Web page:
The official launches of VOD services from Disney, NBCUniversal and other major players are still months away, but the battle for talent and programming is underway.
Yesterday, Netflix took two hits.
First, The Walt Disney Company announced that it had hired Netflix’s director of original film, Matt Brodlie, to head up international content development for Disney+, the subscription-based service set to debut on November 12.
Brodlie, who worked at Paramount, Sony/Tristar and Miramax before joining Netflix, was “one of the main architects behind Netflix’s rom-com boom,” reports The Hollywood Reporter. During his time at Netflix, he was responsible for acquiring rom-com movies, including “To All the Boys I’ve Loved Before,” “Set It Up,” “Sierra Burgess Is a Loser“ and “Ibiza.”
Brodlie also acquired “Roma,” the film that won three Academy Awards, for Netflix.
As senior vice president of international content development at Disney+, Brodlie will be responsible for making content production and acquisition decisions for the platform’s customers outside of the U.S. He will report to Ricky Strauss, Disney+ president of content and marketing, who made the announcement.
Some might perceive this as Netflix getting a taste of its own medicine. In recent years, it has hired a number of high-profile executives away from competitors.
In fact, both 21st Century Fox and Viacom have sued Netflix, alleging illegal poaching of employees — disputes that are ongoing as of this writing. Earlier in June, an L.A. County Superior Court judge ruled in favor of Fox in a preliminary decision.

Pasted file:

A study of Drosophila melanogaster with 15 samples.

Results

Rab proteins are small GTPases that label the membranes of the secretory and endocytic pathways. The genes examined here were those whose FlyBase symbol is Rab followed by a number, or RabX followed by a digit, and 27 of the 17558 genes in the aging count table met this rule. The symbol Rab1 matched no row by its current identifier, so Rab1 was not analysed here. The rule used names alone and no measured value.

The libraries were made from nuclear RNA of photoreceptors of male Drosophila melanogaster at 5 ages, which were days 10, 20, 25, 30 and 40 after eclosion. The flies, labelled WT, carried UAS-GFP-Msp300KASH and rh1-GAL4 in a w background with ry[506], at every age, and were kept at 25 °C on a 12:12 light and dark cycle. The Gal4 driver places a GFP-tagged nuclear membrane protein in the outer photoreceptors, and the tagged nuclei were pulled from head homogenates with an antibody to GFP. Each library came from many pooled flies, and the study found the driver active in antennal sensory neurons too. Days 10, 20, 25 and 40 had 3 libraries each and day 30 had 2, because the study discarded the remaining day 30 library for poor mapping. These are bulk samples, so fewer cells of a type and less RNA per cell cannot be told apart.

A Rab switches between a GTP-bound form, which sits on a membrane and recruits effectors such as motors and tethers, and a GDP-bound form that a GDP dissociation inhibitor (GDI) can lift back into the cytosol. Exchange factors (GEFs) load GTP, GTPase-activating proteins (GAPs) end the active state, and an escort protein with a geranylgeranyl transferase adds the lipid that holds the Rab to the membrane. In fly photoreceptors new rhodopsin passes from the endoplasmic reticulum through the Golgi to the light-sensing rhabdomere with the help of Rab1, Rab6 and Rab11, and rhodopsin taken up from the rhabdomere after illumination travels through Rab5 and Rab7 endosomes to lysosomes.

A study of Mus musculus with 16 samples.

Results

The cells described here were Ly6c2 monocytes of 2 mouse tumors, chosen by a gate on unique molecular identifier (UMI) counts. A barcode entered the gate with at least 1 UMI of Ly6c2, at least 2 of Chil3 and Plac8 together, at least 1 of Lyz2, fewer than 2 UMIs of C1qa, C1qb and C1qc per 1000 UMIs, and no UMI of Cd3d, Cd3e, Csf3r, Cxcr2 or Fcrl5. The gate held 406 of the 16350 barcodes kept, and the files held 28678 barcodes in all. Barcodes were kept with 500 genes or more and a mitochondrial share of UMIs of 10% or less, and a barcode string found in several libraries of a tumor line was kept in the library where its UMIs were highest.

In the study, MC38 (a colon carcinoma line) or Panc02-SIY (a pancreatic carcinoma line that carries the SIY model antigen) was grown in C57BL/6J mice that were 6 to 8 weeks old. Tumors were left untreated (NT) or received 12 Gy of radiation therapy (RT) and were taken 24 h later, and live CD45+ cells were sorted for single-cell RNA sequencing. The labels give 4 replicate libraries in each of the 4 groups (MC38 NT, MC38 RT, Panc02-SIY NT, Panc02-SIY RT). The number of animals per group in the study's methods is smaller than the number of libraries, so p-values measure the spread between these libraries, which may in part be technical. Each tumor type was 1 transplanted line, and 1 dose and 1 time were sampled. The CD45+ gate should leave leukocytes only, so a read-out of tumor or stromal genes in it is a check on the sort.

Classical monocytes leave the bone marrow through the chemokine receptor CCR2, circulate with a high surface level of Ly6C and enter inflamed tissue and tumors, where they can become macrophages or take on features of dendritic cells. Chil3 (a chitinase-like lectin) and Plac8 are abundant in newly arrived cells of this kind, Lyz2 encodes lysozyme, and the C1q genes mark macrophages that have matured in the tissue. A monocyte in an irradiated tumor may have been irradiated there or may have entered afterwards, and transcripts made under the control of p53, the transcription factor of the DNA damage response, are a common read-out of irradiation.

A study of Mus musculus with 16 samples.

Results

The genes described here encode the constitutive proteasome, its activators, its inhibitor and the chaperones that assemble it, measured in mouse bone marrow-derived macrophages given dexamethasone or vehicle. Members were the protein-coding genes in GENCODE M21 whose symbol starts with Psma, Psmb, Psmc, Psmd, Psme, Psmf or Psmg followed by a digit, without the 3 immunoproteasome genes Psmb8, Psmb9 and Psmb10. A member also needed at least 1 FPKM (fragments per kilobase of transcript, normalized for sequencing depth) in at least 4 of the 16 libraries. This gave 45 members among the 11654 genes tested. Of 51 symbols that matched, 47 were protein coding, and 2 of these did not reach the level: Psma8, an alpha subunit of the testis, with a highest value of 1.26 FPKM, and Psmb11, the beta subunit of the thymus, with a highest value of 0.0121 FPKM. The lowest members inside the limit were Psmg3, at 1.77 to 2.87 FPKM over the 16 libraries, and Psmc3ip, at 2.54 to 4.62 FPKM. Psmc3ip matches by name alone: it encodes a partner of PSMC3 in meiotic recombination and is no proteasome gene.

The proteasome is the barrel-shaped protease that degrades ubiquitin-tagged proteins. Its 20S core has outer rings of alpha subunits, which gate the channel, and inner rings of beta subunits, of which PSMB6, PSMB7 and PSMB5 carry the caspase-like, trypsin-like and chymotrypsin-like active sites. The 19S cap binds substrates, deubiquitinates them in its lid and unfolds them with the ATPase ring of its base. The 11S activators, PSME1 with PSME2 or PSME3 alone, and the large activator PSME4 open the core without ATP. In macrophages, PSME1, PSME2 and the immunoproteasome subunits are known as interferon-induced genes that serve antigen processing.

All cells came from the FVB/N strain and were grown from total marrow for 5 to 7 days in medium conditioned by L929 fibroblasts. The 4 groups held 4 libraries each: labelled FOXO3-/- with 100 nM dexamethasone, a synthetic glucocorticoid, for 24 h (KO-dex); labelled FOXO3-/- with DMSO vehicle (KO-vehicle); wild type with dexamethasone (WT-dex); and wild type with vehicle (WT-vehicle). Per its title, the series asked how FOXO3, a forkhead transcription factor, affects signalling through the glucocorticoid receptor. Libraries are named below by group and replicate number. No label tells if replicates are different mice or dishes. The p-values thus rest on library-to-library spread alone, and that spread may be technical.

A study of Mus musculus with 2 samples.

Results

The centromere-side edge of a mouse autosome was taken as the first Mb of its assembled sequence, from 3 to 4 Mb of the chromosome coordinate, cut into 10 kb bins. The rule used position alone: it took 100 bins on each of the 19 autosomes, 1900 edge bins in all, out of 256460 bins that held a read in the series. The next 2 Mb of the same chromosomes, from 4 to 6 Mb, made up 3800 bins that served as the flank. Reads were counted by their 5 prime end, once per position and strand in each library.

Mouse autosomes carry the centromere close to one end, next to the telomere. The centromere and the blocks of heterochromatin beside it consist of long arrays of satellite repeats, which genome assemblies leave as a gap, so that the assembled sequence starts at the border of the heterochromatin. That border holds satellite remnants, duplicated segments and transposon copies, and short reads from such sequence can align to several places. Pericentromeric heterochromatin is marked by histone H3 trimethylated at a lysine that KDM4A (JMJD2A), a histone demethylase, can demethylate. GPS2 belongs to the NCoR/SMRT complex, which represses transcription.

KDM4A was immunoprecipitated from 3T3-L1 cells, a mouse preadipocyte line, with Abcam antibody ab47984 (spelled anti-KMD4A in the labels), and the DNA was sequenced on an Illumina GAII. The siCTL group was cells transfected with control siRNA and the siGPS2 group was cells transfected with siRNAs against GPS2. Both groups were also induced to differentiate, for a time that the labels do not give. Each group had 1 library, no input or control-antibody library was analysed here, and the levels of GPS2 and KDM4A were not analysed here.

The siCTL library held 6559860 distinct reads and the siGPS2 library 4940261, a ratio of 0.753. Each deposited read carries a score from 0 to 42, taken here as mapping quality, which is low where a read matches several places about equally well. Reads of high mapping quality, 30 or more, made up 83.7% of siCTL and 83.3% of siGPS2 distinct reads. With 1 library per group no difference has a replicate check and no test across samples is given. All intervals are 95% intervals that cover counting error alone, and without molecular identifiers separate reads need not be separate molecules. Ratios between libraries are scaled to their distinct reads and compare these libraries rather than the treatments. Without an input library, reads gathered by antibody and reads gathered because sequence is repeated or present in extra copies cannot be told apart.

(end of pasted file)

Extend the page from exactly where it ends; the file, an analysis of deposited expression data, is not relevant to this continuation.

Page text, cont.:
Yesterday also brought confirmation that Netflix will be losing streaming rights to “The Office” at the end of next year.
“The Office” ended its nine-season run in 2013, but was the most-watched show on the subscription-based service in 2018, according to the Daily Beast.
Comcast's NBCUniversal — whose ad-supported VOD platform is expected to bow sometime in first-half 2020 — announced that it has secured exclusive domestic streaming rights to all seasons of “The Office” (which it owns) as of January 2021, for five years.
In April, when Netflix sought to reassure subscribers by tweeting that they would be able to watch “The Office” on Netflix “at least” until 2021 (when its streaming rights expire), many of the show’s fans “freaked out,” and some threatened to cancel their Netflix subscriptions, Business Insider reported at the time.
Update: In "The Office" rights auction, NBCU paid $500 million -- $100 million per year, according to The Motley Fool's Adam Levy. Levy points out that, although the money will go to its own sibling company, Universal Television, NBCU is also forgoing the opportunity to make significant revenue from an outside licensee.
Even more important, NBCU's streaming service "is starting from zero," so "spending $100 million to keep 'The Office' is a heck of a lot more expensive" for NBCU than it would be for Netflix, which can "spread that cost over the tens of millions of customers that watch the series every month," he stresses.